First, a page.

What are the advantages of having a contiguous block of memory? Specifically, why would I need to have a contiguous physical block of memory in a system call? Is there any reason I couldn't just use vmalloc?
Finally, if I were to allocate memory during the handling of a system call, should I specify GFP_ATOMIC? Is a system call executed in an atomic context?

GFP_ATOMIC
The allocation is high-priority and does not sleep. This is the flag to use in interrupt handlers, bottom halves and other situations where you cannot sleep.

GFP_KERNEL This is a normal allocation and might block. This is the flag to use in process context code when it is safe to sleep.


vmalloc is often slower than kmalloc, because it may have to remap the buffer space into a virtually contiguous range. kmalloc never remaps, though if not called with GFP_ATOMIC kmalloc can block.

kmalloc is limited in the size of buffer it can provide: 128 KBytes*). If you need a really big buffer, you have to use vmalloc or some other mechanism like reserving high memory at boot.

*) This was true of earlier kernels. On recent kernels (I tested this on 2.6.33.2), max size of a single kmalloc is up to 4 MB! (I wrote a fairly detailed post on this.) — kaiwan

For a system call you don't need to pass GFP_ATOMIC to kmalloc(), you can use GFP_KERNEL. You're not an interrupt handler: the application code enters the kernel context by means of a trap, it is not an interrupt.

  • System calls are for userspace to kernel space transitions...kmalloc is used in the kernel context only?? – AIB Jul 2 '09 at 9:28

Seriously, there are a lot of subtle issues related to kernel memory management that you need to understand - I spend a lot of my time debugging problems with it.

vmalloc() is very rarely used, because the kernel rarely uses virtual memory. kmalloc() is what is typically used, but you have to know what the consequences of the different flags are and you need a strategy for dealing with what happens when it fails - particularly if you're in an interrupt handler, like you suggested.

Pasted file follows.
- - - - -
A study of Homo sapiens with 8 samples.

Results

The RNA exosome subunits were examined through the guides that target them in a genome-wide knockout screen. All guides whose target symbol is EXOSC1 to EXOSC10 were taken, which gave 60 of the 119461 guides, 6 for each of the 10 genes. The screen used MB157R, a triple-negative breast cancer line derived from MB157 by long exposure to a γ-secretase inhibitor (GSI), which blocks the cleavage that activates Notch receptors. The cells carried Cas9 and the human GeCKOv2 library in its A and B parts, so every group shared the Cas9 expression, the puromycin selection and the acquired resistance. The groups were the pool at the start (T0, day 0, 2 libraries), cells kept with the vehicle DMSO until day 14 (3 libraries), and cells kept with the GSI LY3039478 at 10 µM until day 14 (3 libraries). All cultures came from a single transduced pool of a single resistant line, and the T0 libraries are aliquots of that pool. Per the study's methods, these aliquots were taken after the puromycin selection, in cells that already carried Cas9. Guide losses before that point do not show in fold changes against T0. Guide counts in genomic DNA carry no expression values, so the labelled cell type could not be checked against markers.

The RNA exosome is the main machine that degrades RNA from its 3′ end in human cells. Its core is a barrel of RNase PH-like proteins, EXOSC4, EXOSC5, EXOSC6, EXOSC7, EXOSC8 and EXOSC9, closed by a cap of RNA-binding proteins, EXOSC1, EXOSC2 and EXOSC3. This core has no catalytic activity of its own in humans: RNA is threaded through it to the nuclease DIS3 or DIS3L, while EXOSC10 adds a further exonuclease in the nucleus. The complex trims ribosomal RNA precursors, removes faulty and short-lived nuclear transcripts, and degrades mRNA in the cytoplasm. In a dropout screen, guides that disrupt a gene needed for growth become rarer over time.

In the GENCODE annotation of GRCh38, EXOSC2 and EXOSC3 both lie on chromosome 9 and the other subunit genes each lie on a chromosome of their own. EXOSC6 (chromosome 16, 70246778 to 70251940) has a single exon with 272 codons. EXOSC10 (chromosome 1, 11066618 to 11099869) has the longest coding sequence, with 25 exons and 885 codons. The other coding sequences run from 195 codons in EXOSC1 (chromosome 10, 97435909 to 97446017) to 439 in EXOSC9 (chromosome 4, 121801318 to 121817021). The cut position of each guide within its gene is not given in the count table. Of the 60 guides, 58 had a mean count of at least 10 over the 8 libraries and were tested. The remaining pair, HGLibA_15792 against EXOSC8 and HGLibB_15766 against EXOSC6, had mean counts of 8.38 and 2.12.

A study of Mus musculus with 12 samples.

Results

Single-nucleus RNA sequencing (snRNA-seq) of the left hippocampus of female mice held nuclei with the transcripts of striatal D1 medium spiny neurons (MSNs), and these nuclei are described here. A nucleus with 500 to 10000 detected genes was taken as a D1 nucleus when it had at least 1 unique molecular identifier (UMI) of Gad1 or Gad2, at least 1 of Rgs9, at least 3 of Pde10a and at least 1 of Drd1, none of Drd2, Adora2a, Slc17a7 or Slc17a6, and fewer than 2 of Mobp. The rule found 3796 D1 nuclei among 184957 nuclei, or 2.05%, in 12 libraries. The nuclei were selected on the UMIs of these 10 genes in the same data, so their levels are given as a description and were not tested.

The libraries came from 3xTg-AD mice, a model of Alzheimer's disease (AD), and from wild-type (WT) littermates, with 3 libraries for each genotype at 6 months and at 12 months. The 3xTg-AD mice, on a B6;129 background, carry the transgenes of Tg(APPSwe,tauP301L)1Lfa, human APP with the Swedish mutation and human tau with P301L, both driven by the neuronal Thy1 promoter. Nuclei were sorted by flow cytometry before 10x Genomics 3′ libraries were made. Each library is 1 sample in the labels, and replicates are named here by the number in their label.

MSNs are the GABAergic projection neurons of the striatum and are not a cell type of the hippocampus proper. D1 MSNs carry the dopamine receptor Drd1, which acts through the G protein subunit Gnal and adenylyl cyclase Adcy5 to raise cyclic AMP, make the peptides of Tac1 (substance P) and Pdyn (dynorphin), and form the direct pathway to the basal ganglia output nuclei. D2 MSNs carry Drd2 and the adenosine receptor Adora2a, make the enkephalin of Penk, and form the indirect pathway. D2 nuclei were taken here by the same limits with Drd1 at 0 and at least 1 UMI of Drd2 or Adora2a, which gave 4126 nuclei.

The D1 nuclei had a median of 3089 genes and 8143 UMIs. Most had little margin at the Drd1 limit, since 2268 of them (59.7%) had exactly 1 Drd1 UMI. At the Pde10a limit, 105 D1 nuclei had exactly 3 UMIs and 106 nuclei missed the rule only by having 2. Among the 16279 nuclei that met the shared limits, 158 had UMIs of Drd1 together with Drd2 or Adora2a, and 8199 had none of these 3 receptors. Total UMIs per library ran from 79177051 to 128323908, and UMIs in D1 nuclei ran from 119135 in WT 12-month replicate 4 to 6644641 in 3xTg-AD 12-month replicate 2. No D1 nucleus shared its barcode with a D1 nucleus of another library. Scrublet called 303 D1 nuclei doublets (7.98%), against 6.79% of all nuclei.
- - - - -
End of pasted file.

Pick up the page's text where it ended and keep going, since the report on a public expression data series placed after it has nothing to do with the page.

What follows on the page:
• Because you generally don't want the kernel block while it waits for the kernel to swap memory in or out of disk storage... – Mike Heinz Apr 1 at 23:06

Yes, physically contiguous memory is not required in many of the cases. Main reason for kmalloc being used more than vmalloc in kernel is performance. The book explains, when big memory chunks are allocated using vmalloc, kernel has to map the physically non-contiguous chunks (pages) into a single contiguous virtual memory region. Since the memory is virtually contiguous and physically non-contiguous, several virtual-to-physical address mappings will have to be added to the page table. And in the worst case, there will be (size of buffer/page size) number of mappings added to the page table.

This also adds pressure on TLB (the cache entries storing recent virtual to physical address mappings) when accessing this buffer. This can lead to thrashing.

10

The kmalloc() & vmalloc() functions are a simple interface for obtaining kernel memory in byte-sized chunks.

  1. The kmalloc() function guarantees that the pages are physically contiguous (and virtually contiguous).

  2. The vmalloc() function works in a similar fashion to kmalloc(), except it allocates memory that is only virtually contiguous and not necessarily physically contiguous.

5

What are the advantages of having a contiguous block of memory? Specifically, why would I need to have a contiguous physical block of memory in a system call? Is there any reason I couldn't just use vmalloc?

From Google's "I'm Feeling Lucky" on vmalloc:

kmalloc is the preferred way, as long as you don't need very big areas. The trouble is, if you want to do DMA from/to some hardware device, you'll need to use kmalloc, and you'll probably need bigger chunk. The solution is to allocate memory as soon as possible, before memory gets fragmented.

  • See, I read that, and it doesn't make sense to me. I understand using kmalloc for big areas; but for small allocations, why not use vmalloc to avoid fragmenting the physical memory? – FreeMemory Sep 22 '08 at 17:54
  • Because you should trust the kernel to do what's best; if it thinks allocating a single chunk is better, it'll do so. vmalloc is only for when you absolutely must have a contiguous chunk. – Dark Shikari Sep 22 '08 at 17:58
  • I guess that makes sense, but it seems counterintuitive. kmalloc sounds like it ought to be used when performance is of utmost concern (i.e. I can not be plagued by disk IO). Also, what about GFP_ATOMIC? – FreeMemory Sep 22 '08 at 18:00
  • another good article on kmalloc jikos.jikos.cz/Kmalloc_Internals.html – Raulp May 18 '12 at 18:26

vmalloc() returns the kernel virtual address which in turn might not be having a contiguous mapping on physical RAM. Useful for large memory allocation and in cases where we don't care about that the memory allocated to our process is continuous also in Physical RAM.


In other hand, Vmalloc is able to return virtual addresses from "high memory". These addresses cannot be converted in physical addresses in a direct fashion (you have to use virt_to_page function).